Golf to a Different Drummer: Phil Mickelson Is the New Seve Ballesteros

Rob FergusonContributor IFebruary 26, 2009

Phil Mickelson is known for two things: The best wedge game on tour, and being erratic down the stretch. Lefty has become the modern Seve Ballesteros. He will hit it 30 yards left or right (even with short-irons), drop four-shot leads, find places on the golf course nobody knew existed, and still win. Yesterday's match against Angel Cabrera was a perfect example of this.

Yesterday, Phil was four-up through 13 holes. All he had to do was to halve two holes between 14 and 18, and he would have won the match. But, that is not the Phil Mickelson way. The cameras stopped following Phil after 13, and when they paid attention again he was All Square standing on the 18th tee.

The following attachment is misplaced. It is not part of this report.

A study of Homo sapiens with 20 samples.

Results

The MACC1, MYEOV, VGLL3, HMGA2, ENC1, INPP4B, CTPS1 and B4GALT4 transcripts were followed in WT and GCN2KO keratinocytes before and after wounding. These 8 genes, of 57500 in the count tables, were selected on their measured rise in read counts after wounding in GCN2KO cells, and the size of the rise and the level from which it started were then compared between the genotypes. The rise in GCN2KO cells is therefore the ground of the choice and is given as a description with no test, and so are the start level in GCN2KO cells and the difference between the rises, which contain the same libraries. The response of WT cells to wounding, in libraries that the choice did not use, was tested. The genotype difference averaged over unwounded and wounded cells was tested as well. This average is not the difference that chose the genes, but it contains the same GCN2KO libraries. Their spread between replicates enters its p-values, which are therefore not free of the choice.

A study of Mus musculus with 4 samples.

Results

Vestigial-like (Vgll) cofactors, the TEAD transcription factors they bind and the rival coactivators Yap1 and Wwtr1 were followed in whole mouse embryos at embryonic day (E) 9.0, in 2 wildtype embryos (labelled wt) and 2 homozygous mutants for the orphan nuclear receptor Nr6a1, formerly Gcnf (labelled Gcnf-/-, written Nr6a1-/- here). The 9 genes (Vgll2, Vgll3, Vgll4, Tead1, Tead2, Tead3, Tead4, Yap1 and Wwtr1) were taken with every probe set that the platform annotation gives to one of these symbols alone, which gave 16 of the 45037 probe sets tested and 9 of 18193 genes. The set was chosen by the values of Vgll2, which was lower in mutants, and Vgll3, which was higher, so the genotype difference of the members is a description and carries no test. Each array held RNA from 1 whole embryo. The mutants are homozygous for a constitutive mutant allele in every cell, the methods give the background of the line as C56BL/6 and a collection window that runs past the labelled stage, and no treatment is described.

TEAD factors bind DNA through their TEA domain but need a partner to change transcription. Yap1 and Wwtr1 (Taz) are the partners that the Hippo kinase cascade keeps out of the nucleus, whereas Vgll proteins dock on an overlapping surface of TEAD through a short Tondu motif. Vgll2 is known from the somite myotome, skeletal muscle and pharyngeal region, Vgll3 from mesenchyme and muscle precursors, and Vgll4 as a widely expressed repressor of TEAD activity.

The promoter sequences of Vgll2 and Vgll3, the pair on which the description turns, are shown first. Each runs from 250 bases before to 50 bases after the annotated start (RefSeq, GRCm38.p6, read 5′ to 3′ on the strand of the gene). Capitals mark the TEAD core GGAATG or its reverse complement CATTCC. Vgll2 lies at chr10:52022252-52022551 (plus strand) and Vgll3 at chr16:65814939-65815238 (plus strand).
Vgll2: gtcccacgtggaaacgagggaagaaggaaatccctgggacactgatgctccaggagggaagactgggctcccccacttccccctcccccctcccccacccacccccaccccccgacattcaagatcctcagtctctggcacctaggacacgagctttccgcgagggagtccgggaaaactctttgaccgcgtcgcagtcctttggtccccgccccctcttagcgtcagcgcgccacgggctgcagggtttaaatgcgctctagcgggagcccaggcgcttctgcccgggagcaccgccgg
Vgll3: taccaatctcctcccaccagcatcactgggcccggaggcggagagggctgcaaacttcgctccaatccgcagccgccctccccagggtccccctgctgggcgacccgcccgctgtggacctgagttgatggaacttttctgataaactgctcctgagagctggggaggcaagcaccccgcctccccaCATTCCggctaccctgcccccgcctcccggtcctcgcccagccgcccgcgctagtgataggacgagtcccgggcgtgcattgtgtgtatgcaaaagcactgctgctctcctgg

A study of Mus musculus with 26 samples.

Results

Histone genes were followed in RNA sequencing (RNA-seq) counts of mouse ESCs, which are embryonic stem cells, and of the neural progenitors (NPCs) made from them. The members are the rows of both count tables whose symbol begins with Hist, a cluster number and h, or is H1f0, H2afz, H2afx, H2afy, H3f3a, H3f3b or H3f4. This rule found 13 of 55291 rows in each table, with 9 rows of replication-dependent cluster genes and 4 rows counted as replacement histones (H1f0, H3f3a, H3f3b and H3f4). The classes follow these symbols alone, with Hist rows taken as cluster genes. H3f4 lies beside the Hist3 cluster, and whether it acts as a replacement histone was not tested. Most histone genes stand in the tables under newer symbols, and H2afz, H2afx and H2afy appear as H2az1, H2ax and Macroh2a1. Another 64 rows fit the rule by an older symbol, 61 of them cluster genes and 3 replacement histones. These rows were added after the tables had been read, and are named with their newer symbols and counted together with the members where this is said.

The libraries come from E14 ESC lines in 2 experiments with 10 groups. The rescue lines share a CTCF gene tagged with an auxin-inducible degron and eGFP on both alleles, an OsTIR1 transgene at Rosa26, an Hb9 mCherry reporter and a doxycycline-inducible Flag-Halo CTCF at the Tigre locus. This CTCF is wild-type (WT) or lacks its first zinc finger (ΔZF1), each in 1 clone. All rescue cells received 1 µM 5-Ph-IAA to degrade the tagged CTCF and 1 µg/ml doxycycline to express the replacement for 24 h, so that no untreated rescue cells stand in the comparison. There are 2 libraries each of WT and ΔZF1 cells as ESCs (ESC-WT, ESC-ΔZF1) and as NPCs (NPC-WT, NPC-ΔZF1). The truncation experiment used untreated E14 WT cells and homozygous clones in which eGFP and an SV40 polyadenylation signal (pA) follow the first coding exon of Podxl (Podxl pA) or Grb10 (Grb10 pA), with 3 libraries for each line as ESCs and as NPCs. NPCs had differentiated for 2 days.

On the 18th hole, Cabrera seemed to give the hole away to Phil by yanking an iron into the left rough 225 yards away from the green. Phil hit a beautiful drive down the centre of the fairway, and was left with 155 yards downwind. 

With a short-iron in his hand he blocked it 30 yards left of the hole. That is 30 yards with a short-iron. Think about that. With one block, he opened the door again for Cabrera. Phil ended up winning, but he kept giving his opponents chances to beat him.

Last week at Riviera, Phil took a four-shot lead going into the final round. Coming down the stretch he lost his lead to Steve Stricker. This was due to his inability to find the fairway with the driver.

However, on 17 and 18 (under lots of pressure) he piped two drivers beautifully down the centre of the fairway on his way to winning the tournament.

Phil is the most fun player to watch on the PGA Tour today, because you just never know what is going to happen. Like Seve a generation before him, he can be erratic and still win. He may not be the most comfortable guy to watch, but I find it impossible not to root for him.